Former Montana Gov. Brian Schweitzer has a new book on an upcoming energy revolution he says will free consumers from power companies, oil wars and earn them some money.
The book, “Power Up Energy: How the Coming Revolution Will Empower You, Free Us From Oil Wars and Make You a Buck or Two,” debuted for download on Amazon last month.
Schweitzer asserts that the evolution of batteries, particularly batteries in electric cars, will not only change the way people get around, but also how they power their homes and even give them a chance to sell unused electricity.
It’s a book mostly about pointing consumers toward energy independence, but also about pointing a few fingers at Big Oil, elected officials, lobbyists, and even anti-fracking and anti-pipeline environmentalists.
In an interview, Schweitzer said he realized that batteries were a game-changer 10 years ago while driving an all-electric Tesla automobile in California.
“The battery I was sitting on had 250 miles of stored energy. That’s a three-day supply for an American home,” Schweitzer said. “Why, this isn’t just a car. Why not sell what you don’t need. It’s not the car, it’s the batteries, stupid.”
Consumers able to store power in their cars can power their home with solar panels in the day and car battery by night. They can sell unused power to their local utilities through net metering.
The transition means less dependence on oil from the Middle East, which means less reason to fight wars in oil exporting countries, Schweitzer said.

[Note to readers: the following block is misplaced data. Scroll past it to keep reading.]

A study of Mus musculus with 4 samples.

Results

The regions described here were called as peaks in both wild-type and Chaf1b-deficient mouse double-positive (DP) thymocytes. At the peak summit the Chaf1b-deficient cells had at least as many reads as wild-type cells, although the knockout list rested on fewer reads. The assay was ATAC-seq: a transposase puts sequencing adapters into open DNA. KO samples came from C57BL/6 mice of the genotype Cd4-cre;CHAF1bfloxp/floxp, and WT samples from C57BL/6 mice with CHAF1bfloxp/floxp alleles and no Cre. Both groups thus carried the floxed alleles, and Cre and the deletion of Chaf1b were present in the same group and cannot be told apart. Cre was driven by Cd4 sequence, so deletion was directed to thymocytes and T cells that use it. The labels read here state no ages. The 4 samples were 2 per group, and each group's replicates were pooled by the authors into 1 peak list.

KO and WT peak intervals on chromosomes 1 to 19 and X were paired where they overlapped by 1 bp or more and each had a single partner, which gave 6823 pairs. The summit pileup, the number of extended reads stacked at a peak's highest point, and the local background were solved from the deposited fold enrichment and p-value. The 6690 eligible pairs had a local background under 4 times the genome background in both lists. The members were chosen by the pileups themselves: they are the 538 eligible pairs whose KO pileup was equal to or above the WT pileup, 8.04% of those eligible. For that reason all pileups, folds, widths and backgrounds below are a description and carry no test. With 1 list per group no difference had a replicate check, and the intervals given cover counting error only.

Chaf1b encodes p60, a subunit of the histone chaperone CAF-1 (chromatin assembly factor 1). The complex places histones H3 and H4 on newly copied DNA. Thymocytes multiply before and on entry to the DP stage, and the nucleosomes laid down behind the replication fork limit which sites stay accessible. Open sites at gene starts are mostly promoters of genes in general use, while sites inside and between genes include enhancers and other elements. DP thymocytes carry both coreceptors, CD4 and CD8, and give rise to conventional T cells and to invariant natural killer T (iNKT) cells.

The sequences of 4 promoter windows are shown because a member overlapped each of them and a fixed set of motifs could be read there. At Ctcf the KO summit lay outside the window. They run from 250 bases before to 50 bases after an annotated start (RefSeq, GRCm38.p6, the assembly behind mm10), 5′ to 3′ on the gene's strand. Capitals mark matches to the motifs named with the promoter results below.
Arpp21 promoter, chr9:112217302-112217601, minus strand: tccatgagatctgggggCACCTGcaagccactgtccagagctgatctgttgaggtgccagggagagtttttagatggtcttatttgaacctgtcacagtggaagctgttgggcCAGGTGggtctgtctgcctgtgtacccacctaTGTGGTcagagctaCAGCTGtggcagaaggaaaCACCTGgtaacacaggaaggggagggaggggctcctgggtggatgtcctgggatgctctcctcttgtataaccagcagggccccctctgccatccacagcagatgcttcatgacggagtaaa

But the argument against foreign oil is just the former governor’s opening salvo. Schweitzer argues for more development of natural gas and vehicles fueled by it. He supports fracking and challenges environmentalist criticisms of the practice, as well as opposition to pipelines.
These are familiar arguments for Schweitzer, who as governor spoke out against “petro-dictators” on the stage of the 2008 Democratic National Convention and advocated for the Keystone XL pipeline against the desires of green Democrats.
Schweitzer also introduced biofuel cars to the state motor pool, advocated for the development of biodiesel from the oilseed crop camelina and also promoted liquid fuel from coal.
None of those developments were fully realized in Schweitzer’s two terms as governor, during which he also landed Montana an $86 million signing bonus for coal development rights in the Otter Creek area.